Outpatient Strategy for Neutropenic Fever

ATLANTA--Two studies from the University of Texas M.D. Anderson
Cancer Center have shown that neutropenic fever can be safely
and effectively managed on an outpatient basis in a select, low-risk
group of patients, Edward Rubenstein, MD, said at the Third International
Conference on Clinical Applications of Cytokines and Growth Factors
in Hematology and Oncology.

"It's a win-win situation for the most common complication
of cancer treatment, achieving better patient outcomes at a lower
cost," he said, although exact cost comparisons between inpatient
and outpatient settings have not been done.

The studies were conducted as part of M.D. Anderson's Ambulatory
and Supportive Care Oncology Research Program (ASCORP). Dr. Rubenstein
is director of ASCORP, chief of General Internal Medicine, and
medical director of the Ambulatory Treatment Center.

In the first randomized, stratified trial (ASCORP-I), Dr. Rubenstein's
research team compared oral doses of ciprofloxacin (Cipro) plus
clindamycin with an IV regimen of aztreonam (Azactam) plus clindamycin.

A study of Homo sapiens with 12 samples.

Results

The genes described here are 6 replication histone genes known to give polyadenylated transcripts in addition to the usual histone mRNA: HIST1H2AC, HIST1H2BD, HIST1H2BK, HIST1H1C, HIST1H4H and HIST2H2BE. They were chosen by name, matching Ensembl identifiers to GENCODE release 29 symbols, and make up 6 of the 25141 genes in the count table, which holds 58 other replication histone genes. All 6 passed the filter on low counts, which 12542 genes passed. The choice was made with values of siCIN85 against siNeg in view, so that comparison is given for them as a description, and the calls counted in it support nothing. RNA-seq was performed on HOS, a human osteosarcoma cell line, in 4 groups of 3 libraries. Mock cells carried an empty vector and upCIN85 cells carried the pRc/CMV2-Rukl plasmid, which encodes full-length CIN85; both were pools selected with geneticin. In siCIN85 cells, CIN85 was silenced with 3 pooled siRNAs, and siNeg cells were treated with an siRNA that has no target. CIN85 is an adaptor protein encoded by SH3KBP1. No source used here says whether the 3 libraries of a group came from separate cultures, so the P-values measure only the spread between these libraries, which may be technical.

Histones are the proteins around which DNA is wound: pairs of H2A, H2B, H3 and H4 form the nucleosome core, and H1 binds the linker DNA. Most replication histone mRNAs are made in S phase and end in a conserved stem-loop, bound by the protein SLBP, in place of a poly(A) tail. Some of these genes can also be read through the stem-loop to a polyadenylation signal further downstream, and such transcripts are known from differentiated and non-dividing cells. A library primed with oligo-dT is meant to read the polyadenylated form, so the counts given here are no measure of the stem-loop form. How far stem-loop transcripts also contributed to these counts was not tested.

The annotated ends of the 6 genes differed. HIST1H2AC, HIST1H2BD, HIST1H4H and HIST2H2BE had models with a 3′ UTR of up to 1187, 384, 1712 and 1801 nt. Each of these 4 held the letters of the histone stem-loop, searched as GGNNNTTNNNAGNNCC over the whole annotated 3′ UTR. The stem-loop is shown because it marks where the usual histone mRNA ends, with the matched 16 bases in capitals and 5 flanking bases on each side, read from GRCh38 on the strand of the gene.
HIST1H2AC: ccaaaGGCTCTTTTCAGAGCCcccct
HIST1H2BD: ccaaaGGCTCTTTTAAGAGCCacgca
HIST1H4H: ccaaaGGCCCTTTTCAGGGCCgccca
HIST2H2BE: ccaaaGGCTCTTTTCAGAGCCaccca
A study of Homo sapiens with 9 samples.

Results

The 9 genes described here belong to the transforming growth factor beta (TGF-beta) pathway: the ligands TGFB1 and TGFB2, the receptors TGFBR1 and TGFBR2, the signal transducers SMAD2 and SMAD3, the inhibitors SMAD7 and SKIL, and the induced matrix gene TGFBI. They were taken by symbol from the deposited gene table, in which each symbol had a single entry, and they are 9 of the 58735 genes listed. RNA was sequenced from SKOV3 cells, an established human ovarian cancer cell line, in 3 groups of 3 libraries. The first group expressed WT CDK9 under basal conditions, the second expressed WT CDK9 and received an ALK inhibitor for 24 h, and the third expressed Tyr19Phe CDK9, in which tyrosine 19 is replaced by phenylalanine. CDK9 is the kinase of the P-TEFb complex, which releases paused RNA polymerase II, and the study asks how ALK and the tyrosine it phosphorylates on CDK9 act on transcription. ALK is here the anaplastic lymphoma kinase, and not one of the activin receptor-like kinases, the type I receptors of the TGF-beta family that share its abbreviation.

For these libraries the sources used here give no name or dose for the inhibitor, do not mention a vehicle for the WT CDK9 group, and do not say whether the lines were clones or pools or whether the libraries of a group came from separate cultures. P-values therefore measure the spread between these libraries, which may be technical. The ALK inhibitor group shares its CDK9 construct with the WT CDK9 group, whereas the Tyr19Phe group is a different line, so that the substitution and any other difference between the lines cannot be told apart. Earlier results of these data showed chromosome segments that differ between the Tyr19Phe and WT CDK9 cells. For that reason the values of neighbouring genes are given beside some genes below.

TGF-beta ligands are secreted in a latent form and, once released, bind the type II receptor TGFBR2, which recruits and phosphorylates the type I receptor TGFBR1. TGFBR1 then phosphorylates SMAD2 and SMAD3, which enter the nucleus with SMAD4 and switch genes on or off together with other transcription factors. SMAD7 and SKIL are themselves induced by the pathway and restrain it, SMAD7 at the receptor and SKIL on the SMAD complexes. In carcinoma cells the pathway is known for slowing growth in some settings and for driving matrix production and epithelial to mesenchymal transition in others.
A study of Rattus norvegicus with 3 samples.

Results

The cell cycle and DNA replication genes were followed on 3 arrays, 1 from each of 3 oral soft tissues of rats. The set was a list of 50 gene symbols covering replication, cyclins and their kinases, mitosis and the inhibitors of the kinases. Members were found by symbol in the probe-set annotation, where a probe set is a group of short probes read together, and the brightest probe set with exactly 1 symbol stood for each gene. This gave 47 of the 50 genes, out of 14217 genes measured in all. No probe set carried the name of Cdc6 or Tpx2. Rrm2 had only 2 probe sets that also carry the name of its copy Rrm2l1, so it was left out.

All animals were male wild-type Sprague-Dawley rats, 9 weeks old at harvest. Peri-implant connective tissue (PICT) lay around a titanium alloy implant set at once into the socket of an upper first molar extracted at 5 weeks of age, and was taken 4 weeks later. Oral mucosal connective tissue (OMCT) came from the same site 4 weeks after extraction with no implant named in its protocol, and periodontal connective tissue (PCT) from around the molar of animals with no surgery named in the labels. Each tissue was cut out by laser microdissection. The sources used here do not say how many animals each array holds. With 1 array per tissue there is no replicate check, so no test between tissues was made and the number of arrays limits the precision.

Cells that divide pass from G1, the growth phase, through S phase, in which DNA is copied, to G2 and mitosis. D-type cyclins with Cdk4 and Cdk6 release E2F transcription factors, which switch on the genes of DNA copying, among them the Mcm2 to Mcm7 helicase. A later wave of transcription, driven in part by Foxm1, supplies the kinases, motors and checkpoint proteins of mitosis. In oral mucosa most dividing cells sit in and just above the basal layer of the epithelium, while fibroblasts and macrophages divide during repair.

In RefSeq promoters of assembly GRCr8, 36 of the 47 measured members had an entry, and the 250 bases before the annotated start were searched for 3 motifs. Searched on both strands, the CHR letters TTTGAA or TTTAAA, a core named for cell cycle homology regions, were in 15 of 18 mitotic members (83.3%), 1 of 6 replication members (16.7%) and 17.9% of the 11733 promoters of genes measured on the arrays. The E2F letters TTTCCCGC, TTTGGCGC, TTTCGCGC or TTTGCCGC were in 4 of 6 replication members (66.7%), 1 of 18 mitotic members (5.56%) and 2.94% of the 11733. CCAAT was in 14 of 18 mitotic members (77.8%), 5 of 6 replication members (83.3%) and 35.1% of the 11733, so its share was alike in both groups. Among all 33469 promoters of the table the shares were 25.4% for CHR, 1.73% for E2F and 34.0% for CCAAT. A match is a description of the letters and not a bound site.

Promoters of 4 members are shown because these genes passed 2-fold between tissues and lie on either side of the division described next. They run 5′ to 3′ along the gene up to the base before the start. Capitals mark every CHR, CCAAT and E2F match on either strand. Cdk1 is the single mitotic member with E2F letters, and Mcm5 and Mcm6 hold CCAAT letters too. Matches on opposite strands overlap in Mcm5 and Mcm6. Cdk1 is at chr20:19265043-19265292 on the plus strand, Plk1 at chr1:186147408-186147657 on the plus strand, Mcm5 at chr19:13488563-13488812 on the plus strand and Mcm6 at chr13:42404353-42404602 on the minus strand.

In ASCORP-II, they compared the same IV drug regimen with a reduced
dose of oral ciprofloxacin and Augmentin (amoxicillin and potassium
clavulanate). Patients were being treated for solid tumors or
leukemia, most with profound neutropenia and many with prior documented

All patients were initially evaluated in the Ambulatory Treatment
Center, which is open around the clock. They received their first
dose at the Center and were observed for several hours. If stable,
they were sent home and instructed to return the next day. Those
with the IV regimen were to contract with a local home infusion
therapy company. The treatment duration was 7 to 8 days.

ASCORP-I showed that outpatient IV therapy was safe and effective
(95% response rate), and oral therapy was "promising"
(88% response rate). There were no deaths or serious infections,
"which suggested our approach was correct," Dr. Rubenstein

He noted that the oral segment of the trial had to be stopped
early because of four unexpected cases of acute renal failure,
only one of which required dialysis. No patients were admitted
to the hospital for septic shock or required ICU care.